Finance department backpedals on Bill C-208

New announcement affirming law of the land draws commendation from small business federation

Finance department backpedals on Bill C-208

Following backlash from multiple stakeholders, the Department of Finance is clarifying its position on the contentious C-208, reversing course from a previous statement suggesting that its implementation could be delayed until next year.

In a statement released yesterday, the finance department affirmed that the changes contained in the bill have been passed by Parliament and received Royal Assent, and as such have been made part of Canada’s Income Tax Act.

“The changes contained in this legislation now apply in law,” the notice said.

While it confirmed the federal government’s commitment to facilitate genuine intergenerational share transfers, the statement also signalled federal intentions to bring forward amendments “against any unintended tax avoidance loopholes that may have been created by Bill C-208.”

It highlighted a risk of “surplus stripping,” where dividends are disguised as capital gains, effectively allowing corporations to take advantage of the lower tax rate without a real transfer of the business taking place.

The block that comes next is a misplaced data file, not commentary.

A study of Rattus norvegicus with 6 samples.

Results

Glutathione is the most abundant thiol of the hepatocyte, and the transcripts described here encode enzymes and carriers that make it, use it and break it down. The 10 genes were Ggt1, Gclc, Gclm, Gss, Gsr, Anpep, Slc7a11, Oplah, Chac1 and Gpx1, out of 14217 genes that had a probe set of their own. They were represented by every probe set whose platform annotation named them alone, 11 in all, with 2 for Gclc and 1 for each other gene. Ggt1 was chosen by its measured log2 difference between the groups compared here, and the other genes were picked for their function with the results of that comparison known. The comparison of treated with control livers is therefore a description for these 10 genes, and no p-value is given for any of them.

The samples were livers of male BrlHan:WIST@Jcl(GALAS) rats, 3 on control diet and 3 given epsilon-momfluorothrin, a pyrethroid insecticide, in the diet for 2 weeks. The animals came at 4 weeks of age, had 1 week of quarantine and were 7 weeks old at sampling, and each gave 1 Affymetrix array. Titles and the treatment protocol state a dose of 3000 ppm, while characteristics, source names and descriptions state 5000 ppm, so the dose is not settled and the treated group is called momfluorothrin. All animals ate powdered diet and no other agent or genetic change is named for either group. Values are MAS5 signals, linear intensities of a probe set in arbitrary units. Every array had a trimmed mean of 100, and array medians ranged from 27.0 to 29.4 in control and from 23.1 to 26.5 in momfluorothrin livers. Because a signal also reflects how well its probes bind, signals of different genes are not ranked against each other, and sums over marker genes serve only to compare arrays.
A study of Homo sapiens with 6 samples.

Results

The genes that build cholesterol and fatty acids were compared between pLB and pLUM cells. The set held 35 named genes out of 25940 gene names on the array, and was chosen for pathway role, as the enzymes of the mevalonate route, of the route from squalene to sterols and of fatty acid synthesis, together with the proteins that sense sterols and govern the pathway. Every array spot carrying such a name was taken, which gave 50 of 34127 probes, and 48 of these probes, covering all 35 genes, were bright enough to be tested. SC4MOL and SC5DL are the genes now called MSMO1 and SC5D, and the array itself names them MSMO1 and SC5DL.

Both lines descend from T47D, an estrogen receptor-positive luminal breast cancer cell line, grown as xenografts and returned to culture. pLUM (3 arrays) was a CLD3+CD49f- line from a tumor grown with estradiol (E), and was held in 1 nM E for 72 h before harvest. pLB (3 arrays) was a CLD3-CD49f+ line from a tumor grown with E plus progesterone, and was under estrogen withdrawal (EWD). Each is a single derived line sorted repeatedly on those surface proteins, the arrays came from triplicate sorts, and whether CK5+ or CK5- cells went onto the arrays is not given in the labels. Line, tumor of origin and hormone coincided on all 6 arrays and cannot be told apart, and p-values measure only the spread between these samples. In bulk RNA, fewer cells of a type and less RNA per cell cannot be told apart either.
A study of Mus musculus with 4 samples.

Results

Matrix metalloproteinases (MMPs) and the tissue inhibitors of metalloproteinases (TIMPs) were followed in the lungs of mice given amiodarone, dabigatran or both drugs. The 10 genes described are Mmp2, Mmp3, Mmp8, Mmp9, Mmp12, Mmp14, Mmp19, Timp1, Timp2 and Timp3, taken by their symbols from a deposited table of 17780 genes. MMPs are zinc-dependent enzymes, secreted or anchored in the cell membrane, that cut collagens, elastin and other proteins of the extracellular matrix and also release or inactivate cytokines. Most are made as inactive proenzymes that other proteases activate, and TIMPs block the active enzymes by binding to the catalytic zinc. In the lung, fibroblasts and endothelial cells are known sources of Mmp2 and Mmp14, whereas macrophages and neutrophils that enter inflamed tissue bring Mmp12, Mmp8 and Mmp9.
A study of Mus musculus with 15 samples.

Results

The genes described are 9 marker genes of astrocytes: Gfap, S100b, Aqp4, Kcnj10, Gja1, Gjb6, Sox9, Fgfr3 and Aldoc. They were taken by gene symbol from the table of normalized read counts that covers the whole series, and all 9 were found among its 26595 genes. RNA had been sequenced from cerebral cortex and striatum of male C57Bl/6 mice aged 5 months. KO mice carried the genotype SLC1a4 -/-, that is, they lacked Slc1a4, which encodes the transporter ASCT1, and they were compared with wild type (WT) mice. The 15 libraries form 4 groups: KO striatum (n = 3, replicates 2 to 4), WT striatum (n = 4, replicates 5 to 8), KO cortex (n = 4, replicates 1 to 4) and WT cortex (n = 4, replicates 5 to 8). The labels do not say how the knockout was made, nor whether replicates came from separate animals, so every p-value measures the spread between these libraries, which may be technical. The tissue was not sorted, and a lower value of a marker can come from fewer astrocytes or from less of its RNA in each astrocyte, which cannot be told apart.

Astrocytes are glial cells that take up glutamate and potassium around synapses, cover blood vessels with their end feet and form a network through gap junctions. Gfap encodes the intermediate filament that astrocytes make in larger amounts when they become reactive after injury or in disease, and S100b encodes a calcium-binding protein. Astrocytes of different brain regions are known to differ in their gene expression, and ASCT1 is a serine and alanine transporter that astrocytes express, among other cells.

To address that and other potential deficiencies in Bill C-208, the government will publish legislative proposals to be introduced in a bill, which will apply either on November 1 or upon the date of publication of the final draft legislation, whichever comes later.

“We fully support genuine intergenerational share transfers and regret recent uncertainty that we have caused,” said Chrystia Freeland, deputy prime minister and minister of Finance, in the statement. “The amendments we intend to bring will honour the law passed by Parliament, make sure everyone pays their fair share, and support the families and small businesses that keep our economy, and our communities, strong.”

Canada’s national federation for small business owners has welcomed the clarification.

“The Canadian Federation of Independent Business (CFIB) is pleased that the federal government finally confirmed Bill C-208 as the law of the land,” the federation said in an emailed statement.

“Small business owners have been waiting for this change to the Tax Act for years. This Bill is the culmination of years of work on the part of CFIB and small business owners in fighting for fairness for family-owned businesses,” CFIB said. “With C-208, business owners are no longer penalized for selling their business to a family member.”